Published: Tuesday, March 18, 2014 1:15 a.m. CDT

In Tuesday’s story [March 4] regarding Dixon Public Schools’ network security breach, NIU Information Security Director Jim Fatz shows a profound misunderstanding of how open-source software works.



When code is open source, it means the original code is freely available to view. You can modify your own version, but others cannot modify what you’ve already installed. The fact that the code can be viewed and critically analyzed by those outside the development loop means flaws can be found and fixed faster.

Proprietary (paid-for) solutions don’t have that capability, and those solutions are the products of companies that stand to lose shareholder value if a security risk is identified. In light of recent revelations regarding the NSA having back-door access to solutions from Mr. Fatz’s “top-dollar” companies, such as RSA, transparency is an asset, not a liability.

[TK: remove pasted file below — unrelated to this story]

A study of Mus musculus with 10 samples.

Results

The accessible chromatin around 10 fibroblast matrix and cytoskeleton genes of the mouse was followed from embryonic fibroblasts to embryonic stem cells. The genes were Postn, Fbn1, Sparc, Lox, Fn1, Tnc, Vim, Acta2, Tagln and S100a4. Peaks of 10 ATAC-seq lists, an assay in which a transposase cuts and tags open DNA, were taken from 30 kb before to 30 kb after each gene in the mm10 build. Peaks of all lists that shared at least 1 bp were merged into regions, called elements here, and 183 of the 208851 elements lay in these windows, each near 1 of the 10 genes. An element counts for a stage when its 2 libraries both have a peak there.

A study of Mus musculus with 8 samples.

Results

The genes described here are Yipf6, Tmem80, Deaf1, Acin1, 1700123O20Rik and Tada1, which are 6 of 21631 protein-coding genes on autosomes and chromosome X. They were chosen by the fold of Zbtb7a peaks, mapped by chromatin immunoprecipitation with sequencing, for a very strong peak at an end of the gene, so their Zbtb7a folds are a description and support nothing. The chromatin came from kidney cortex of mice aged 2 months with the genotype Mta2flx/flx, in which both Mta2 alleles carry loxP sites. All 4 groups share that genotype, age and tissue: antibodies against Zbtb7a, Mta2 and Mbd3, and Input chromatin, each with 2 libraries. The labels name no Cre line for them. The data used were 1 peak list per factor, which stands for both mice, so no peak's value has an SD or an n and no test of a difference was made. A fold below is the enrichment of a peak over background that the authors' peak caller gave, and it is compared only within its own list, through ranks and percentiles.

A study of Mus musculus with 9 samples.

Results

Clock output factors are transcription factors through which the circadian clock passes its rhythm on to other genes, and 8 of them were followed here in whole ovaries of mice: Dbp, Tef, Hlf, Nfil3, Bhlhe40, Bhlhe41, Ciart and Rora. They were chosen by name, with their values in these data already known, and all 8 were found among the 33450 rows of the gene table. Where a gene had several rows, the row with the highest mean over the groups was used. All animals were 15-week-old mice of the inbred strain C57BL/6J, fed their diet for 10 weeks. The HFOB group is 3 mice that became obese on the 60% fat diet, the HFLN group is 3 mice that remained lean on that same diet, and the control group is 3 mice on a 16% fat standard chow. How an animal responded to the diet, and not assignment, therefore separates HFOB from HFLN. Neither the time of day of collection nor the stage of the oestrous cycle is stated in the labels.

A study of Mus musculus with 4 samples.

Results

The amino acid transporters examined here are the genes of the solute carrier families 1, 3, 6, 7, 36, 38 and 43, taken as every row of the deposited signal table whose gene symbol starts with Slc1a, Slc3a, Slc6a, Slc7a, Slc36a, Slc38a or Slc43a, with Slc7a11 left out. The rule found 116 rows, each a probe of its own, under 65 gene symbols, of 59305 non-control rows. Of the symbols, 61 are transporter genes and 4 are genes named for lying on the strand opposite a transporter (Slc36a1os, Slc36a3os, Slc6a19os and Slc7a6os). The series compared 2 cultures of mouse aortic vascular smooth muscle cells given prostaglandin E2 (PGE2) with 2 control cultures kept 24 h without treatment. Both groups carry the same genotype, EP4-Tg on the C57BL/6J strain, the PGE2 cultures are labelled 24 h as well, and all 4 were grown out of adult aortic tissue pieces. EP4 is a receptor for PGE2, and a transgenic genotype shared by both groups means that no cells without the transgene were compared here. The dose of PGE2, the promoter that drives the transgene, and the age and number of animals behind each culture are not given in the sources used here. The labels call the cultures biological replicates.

Mozilla Firefox – a browser many readers might be using right now – is open source and widely acknowledged to be more secure than Microsoft’s Internet Explorer. Apple’s Mac OSX, used right here at saukvalley.com, is based on open-source code, and its user interface is designed with an open-source toolkit; while more expensive, Macs are almost universally considered the more secure desktop operating system.

The FBI, NSA, CIA, and the Justice Department all use Linux, the biggest of all open-source projects and the base for the most secure server systems in the world. Linux and BSD are also the basis for some of the most robust firewalls in the business – all open source.



Mr. Fatz may have an agenda, or he may be genuinely ignorant. Either way, it’s important that Dixon Public Schools and Sauk Valley Media’s readership understand the difference: Open source is a development methodology, nothing more.

What happened at Dixon Schools was almost certainly a social-engineering attack, and anyone with an information-security background should recognize this.